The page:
Companies need to offer a way for employees to voice concerns and be given support without judgement. Listening to someone is one thing but making them feel heard is even more powerful. So how often do these conversations happen?

26 Oct 2018 | 9 min read


Company cultures can give a good read on how people are feeling in the business. Do people support each other? Are they feeling burnt out? If your company can’t answer questions like these with confidence, it’s important to make changes to better understand your corporate culture and also how you can lead by example to change it (because no company culture is perfect). So where can companies and managers start?


Open up a dialogue between employees

The 2017 Skills and Employment Survey has shown that the British workforce is under more intense pressure than it has been before in the past 25 years, suggesting a culture of stress and anxiety among many workplaces. There will always be changes that put different types of strain on workers and it’s important to place focus on how to support employees through these changes, rather than look too closely at the cause of these changes. Staff reductions, increased workloads and tighter deadlines will increase the pressure on workers, but to understand the extent of the impact, organisations must speak to their workforce. Stress and anxiety mean different things to different people, and we all have different ways of addressing them. Organisations must be more tolerant of colleagues who approach things differently – you never know what stress they may be quietly coping with.


Companies need to offer a way for employees to voice these concerns and be given support without judgement. Listening to someone is one thing but making them feel heard is even more powerful. So how often do these conversations happen? Not often enough because many workers don’t believe their voice matters. Our Rungway research of 2,000 Brits in employment this year indicated that 34% feel that “nothing will change even if I do [voice concerns].” Considering the size of the UK workforce, that’s around 10 million people who don’t expect anything to change, so there is considerable room for improvement.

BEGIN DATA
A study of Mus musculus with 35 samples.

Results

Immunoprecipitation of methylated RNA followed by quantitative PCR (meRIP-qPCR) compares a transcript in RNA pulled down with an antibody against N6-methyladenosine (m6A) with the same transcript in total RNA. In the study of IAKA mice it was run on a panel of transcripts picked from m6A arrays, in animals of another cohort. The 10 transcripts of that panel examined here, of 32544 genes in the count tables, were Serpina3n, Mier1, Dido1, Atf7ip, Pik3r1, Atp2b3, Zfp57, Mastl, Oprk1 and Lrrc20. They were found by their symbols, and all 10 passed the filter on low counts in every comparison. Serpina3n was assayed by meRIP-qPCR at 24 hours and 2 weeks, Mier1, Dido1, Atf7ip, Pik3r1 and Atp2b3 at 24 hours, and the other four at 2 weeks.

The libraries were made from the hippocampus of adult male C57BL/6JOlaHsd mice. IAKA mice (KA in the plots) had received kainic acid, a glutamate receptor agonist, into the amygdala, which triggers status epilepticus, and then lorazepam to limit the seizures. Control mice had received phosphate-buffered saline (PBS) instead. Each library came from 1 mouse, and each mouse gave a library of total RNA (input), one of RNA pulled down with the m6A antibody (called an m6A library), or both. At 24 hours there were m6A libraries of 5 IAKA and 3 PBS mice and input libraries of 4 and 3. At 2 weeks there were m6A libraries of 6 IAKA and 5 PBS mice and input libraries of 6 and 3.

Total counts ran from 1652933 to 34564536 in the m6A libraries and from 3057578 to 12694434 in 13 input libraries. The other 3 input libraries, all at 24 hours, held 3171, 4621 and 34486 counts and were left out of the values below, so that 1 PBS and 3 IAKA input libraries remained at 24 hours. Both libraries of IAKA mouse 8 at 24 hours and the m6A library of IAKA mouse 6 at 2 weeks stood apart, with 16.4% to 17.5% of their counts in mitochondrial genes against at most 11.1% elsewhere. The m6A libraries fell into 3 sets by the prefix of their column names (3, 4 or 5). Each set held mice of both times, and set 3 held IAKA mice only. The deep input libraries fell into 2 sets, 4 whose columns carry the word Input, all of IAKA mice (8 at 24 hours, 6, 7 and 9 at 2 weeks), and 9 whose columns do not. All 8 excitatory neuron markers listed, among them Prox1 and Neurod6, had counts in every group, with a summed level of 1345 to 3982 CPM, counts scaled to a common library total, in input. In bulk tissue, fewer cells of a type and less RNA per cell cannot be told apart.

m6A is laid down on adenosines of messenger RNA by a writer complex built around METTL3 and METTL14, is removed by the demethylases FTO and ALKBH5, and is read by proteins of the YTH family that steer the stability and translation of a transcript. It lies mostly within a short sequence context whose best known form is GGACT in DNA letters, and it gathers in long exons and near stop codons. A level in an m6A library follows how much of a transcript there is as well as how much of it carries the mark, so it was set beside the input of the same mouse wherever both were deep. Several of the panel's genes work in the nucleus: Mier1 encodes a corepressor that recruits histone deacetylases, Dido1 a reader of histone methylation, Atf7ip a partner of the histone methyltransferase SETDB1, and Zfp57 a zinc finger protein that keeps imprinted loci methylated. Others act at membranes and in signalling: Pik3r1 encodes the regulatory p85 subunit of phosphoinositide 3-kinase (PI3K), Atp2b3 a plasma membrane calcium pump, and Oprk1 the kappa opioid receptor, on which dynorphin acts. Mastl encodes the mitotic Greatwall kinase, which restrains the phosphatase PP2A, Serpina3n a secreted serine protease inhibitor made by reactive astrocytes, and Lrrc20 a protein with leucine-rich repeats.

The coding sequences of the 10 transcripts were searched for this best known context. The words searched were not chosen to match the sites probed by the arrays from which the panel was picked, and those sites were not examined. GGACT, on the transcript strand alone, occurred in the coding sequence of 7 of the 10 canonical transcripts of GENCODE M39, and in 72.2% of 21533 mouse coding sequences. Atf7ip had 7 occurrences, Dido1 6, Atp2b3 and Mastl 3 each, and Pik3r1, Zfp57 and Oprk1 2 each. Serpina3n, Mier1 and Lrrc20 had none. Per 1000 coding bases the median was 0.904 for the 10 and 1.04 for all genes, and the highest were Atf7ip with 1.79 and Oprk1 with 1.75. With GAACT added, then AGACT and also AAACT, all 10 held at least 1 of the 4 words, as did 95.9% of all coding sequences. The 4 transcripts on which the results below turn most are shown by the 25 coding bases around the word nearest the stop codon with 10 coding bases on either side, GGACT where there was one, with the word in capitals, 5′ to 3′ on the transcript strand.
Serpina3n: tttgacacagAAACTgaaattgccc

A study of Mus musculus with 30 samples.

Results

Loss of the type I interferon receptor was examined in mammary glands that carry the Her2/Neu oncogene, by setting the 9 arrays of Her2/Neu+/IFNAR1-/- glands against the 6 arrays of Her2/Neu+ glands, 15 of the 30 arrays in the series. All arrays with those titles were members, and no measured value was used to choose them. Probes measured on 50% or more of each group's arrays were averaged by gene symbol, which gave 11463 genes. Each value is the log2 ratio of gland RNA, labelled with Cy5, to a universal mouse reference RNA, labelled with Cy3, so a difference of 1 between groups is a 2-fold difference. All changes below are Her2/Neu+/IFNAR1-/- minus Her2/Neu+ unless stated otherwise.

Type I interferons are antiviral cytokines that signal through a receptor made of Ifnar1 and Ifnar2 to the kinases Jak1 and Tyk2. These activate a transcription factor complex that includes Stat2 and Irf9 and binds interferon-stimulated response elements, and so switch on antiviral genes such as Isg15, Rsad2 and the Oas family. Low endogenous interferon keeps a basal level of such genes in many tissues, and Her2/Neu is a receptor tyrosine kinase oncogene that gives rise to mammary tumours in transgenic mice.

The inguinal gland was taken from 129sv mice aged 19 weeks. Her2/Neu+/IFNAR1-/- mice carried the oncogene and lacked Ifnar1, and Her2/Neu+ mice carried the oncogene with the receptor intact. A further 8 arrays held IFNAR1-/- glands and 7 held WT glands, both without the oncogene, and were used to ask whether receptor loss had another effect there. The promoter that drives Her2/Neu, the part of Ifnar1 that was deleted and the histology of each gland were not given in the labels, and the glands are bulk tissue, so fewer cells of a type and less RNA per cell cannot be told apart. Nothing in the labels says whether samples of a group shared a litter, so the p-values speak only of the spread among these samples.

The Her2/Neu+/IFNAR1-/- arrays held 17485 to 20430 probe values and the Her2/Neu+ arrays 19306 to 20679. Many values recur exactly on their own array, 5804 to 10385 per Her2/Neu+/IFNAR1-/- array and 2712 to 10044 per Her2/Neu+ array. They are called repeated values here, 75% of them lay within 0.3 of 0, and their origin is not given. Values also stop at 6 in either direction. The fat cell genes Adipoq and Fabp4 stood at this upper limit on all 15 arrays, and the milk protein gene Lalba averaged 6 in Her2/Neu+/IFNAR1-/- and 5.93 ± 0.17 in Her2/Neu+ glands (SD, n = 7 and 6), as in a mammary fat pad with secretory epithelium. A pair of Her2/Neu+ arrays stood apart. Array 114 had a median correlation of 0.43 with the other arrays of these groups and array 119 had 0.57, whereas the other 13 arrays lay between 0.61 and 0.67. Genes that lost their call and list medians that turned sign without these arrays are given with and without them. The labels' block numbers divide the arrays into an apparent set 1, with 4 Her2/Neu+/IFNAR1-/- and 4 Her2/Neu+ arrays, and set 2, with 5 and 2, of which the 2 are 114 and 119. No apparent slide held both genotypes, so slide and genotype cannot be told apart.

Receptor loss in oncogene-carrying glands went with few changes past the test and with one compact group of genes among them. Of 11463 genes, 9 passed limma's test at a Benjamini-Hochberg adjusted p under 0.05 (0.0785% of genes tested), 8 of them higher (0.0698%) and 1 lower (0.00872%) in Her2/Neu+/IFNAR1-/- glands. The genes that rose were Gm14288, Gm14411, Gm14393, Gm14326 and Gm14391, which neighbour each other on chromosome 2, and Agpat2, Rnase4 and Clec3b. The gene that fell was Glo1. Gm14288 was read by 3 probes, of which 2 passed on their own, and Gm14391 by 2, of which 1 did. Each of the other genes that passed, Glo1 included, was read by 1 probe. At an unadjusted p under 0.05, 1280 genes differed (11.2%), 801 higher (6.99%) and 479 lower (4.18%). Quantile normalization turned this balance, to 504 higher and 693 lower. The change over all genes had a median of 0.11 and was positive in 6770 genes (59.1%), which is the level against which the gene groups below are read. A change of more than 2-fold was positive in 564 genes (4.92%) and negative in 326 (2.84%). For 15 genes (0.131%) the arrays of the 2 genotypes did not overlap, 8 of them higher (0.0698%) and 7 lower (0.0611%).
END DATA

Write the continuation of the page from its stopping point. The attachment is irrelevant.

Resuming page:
Seek ‘in the moment’ feedback

When thinking about opening up conversations among employees, it's important that companies are asking the right questions and frequently. While an annual or quarterly pulse survey may give a finger to the wind on some issues within the company, they rely on the company’s assumptions of what needs to be discussed, rather than what’s on employees’ minds. Because of their infrequency, they also can miss out on the day-to-day small problems occurring that could be snow balling into bigger issues – they are a barometer of a single moment in time.

Companies should complement their pulse surveys with more frequent discussions with people. Employees need to be able to raise a problem as and when it’s occurring, so think about implementing tools that enable this – whether it’s something as simple as an anonymous suggestion box in the office, or company software like Rungway that can automate and make these conversations accessible to all anytime, anywhere. These methods allow employees to raise the real issues in the company, and also give an opportunity for management to action and implement real improvements in the moment, before they become bigger problems.

Be vulnerable

Speaking up at work can be scary. People don’t want to be judged, seen as a pest for asking questions, or feel stupid, so it’s important that management teams make it clear that no question is a bad one. It’s not enough to just say that though. If someone sees that their manager is doing as they advise, speaking up and having some vulnerability, it will encourage others to do so too. Equally, management should show that they care and encourage people raising the issues that matter to them by being sure to publicly respond to what people have to say. Knowing that management care and respond to people’s needs will further motivate people to keep discussions going and drive change within the company for the better.

Remember: your workforce is full of individuals, all of whom are facing their own challenges – so you should treat them that way too, not as one group. If you’d like to take a step towards changing your company culture from the top, why not have a look at what Rungway’s platform can offer for your business, or click ‘contact us’ to chat with us and we’ll be in touch with you soon.